Here are ten ways you can support Black authors. (Spoiler: you can do more than just read their books.)
Books about anti-racism, white supremacy, and the black experience are backordered everywhere in the aftermath of George Floyd’s death. And as white people scramble to catch up on generations of complacency, ‘What You Can Do to Help’ lists and ‘Books by Black Authors’ lists are abundant. One of the most popular pieces of advice I keep seeing is that you can listen and learn by supporting Black writers.
There are lots of other things we can do. But supporting Black authors, and other creatives, can go a long way to educate yourself while simultaneously amplifying Black voices. Win-win (especially if you’re a book lover.)
No time to read? Maybe these tips for reading more will help!
Ten Ways to Support Black Authors
1. Read books written by Black authors.
This is obvious. Read fiction AND non-fiction writings by Black authors. Through their work, Black authors help us to understand their struggles and triumphs, as well as their everyday life experiences.
They also, though, simply entertain and teach on the entire spectrum of genres and topics. Looking for baking recipes to try while in COVID-19 quarantine? Search for a cookbook written by a Black person. Are graphic novels your thing? Find graphic novels created by Black artists. Black writers do much more than inform us of the Black experience. Don’t pigeon hole them – raise them up.
2. Tell people about their books.
I have a couple of friends who always make great book recommendations. Everything they recommend, I make a priority to read because I know I’ll be glad I did.
People are much more likely to pick up a book that is recommended by someone they know. Tell your friends and family about books by Black authors.
3. Recommend their books.
When you read something you enjoy or learn from, recommend it on public platforms. You can submit reviews on just about any site that sells books without having purchased the book from that site. So even if you borrowed the book from your library, hit up Amazon, Thriftbooks, Books-A-Million, BookShop.org, and any other online bookseller that allows users to submit reviews and recommend the book, sharing what you enjoyed about the book and what you learned. Oh – and don’t forget to review the book and add to your shelves on GoodReads!
4. Add their books to your personal library.
Ultimately, authors need to sell books – not just have people read them. If it’s in your financial means, purchase books by Black authors to add to your personal library. Put them on your wish lists, tell your friends and family about the books you want, and if you can, pre-order them before they are published (this REALLY helps authors by telling booksellers their book is one to pay attention to).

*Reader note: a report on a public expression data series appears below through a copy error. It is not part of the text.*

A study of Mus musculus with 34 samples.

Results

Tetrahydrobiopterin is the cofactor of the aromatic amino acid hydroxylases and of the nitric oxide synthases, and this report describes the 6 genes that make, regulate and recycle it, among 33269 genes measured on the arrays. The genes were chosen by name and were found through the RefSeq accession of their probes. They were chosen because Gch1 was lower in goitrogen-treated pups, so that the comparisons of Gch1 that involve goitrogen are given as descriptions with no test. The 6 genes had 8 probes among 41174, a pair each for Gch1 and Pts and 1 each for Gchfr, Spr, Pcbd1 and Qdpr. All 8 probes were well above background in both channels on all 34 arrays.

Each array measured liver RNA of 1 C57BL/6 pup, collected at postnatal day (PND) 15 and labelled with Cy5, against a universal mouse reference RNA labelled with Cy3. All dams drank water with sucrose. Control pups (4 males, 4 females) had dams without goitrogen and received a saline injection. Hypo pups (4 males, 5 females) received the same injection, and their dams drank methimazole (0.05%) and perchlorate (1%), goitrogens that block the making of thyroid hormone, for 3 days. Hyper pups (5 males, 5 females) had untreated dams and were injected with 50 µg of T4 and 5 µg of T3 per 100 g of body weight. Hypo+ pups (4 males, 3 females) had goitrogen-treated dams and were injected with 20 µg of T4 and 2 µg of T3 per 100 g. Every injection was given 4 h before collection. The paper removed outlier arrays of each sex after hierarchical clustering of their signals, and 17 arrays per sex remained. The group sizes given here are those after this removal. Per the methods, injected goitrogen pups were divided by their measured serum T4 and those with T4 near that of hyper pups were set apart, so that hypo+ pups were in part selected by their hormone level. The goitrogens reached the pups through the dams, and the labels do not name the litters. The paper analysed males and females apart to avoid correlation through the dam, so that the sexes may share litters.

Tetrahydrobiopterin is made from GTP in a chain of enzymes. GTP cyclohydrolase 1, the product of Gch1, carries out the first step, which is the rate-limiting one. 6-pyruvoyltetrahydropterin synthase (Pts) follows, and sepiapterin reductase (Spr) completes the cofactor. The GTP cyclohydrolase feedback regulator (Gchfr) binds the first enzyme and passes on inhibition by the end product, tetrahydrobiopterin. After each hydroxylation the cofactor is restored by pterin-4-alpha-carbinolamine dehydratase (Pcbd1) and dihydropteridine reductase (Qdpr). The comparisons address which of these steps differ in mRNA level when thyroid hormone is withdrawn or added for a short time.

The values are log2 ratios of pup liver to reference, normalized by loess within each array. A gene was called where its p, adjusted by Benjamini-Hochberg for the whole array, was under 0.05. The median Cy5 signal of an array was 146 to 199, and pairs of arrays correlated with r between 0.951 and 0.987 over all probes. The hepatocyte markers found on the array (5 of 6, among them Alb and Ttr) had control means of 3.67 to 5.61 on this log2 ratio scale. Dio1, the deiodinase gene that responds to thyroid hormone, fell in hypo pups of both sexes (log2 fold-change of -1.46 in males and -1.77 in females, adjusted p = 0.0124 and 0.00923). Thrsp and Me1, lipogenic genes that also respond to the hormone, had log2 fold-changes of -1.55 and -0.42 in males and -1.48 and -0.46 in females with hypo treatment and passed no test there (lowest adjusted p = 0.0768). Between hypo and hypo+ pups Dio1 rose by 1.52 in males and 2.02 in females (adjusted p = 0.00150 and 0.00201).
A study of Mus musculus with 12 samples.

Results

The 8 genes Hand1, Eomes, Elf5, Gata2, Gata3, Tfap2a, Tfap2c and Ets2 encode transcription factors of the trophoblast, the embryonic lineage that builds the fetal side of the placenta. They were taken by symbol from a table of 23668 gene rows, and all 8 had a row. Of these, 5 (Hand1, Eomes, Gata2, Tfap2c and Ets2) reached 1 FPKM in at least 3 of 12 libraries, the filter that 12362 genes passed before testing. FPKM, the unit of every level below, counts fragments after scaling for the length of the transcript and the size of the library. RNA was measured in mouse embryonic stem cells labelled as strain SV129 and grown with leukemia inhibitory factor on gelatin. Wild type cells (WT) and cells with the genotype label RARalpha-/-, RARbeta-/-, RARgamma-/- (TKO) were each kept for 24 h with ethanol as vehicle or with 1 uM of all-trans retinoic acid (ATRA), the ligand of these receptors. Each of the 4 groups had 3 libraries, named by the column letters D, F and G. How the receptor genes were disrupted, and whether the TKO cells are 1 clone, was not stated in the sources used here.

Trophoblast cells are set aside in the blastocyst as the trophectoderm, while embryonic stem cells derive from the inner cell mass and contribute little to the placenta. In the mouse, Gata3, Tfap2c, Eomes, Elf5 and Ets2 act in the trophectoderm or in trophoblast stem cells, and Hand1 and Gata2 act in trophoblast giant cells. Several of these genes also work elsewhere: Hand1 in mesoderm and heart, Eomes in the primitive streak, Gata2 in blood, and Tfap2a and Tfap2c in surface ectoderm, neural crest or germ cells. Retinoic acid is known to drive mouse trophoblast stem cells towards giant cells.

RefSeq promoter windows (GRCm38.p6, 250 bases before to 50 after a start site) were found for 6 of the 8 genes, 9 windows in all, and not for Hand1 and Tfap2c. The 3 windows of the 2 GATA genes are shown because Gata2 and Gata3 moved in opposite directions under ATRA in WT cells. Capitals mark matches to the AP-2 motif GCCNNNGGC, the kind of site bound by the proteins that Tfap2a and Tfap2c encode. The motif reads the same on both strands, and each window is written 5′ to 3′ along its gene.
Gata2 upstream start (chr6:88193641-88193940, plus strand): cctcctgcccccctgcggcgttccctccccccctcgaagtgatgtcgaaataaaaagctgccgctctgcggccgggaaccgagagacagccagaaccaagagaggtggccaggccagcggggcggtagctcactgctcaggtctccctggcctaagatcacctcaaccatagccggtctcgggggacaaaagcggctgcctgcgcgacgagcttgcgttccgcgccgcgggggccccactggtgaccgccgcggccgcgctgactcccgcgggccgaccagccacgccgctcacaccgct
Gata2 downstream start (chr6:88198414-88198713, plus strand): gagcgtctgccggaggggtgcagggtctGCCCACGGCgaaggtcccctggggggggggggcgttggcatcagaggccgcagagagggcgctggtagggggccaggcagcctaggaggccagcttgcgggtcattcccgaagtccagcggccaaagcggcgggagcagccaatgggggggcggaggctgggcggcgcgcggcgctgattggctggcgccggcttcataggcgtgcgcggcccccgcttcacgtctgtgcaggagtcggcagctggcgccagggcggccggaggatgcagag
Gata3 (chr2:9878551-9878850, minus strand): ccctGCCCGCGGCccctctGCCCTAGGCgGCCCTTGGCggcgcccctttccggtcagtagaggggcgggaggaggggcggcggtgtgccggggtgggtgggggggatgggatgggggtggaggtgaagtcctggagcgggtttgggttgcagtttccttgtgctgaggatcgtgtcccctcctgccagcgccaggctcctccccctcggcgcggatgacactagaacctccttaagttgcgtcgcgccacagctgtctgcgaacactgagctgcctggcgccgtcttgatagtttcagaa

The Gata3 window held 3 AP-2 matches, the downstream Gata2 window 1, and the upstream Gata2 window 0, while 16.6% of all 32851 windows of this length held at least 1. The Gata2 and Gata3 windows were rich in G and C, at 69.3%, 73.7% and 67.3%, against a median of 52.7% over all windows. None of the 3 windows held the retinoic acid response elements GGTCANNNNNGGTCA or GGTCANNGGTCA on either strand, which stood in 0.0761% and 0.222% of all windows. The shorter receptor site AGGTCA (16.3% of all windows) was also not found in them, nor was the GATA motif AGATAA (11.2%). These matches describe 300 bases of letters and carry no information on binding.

5. Give their books as gifts.
Books are pretty much always an appropriate gift. Help elevate Black stories and works by sharing them as freely as you would a box of chocolates or Starbucks gift card.
And this isn’t just for your adult friends. There are many Black picture book, early chapter book, middle-grade, and young adult authors as well. Purchase their books when you have an occasion to give a gift.
6. Request your library purchase books by Black authors.
Help make books written by Black writers widely available and submit a request to your local library to pre-order books by Black authors before they are published. Many people get their reading material from the library, and are thus limited to what the library has to offer.
Pre-orders are very important to authors because they let booksellers know there is an interest in the book. Booksellers look at these numbers to predict the book’s success and to determine how many copies they should purchase.
7. Ask your local library or bookstore to highlight Black authors.
You know those displays you see in libraries and bookstores that show a bunch of books that share a category (Beachy Reads in June, for example)? Browse those displays and ask the library or bookstore to add options by Black authors. Better yet, ask them to set up a permanent display highlighting Black authors exclusively (and not just in February!).
8. Follow them on social media and interact with their content.
Social media plays a big role in promoting products, and I’m guessing it’s the same in the book publishing world. And while followers are important, engaged followers are key to their content getting seen. So follow, but also be sure you engage by commenting on and sharing posts by Black authors.
9. Amplify their voices.
In addition to sharing social media content created by Black authors, you can amplify their voices by quoting them, tagging them in your own content that promotes their work, and by sharing links to their work. (Friendly reminder: always give appropriate credit when quoting anyone. 😉 )
10. Support Black authors’ causes.
Last but not least, get to know what causes your favorite Black authors care about and support those causes. Donate and/or volunteer if you can and if it’s a cause close to your own heart. If nothing else, though, support the cause or organization in ways similar to those described above.
Along with supporting Black authors, you can seek out Black-owned bookshops and buy all your books there. If there aren’t any local to you, there are many that offer online ordering and will ship to you. Here’s a list of Black-owned bookstores to get you started.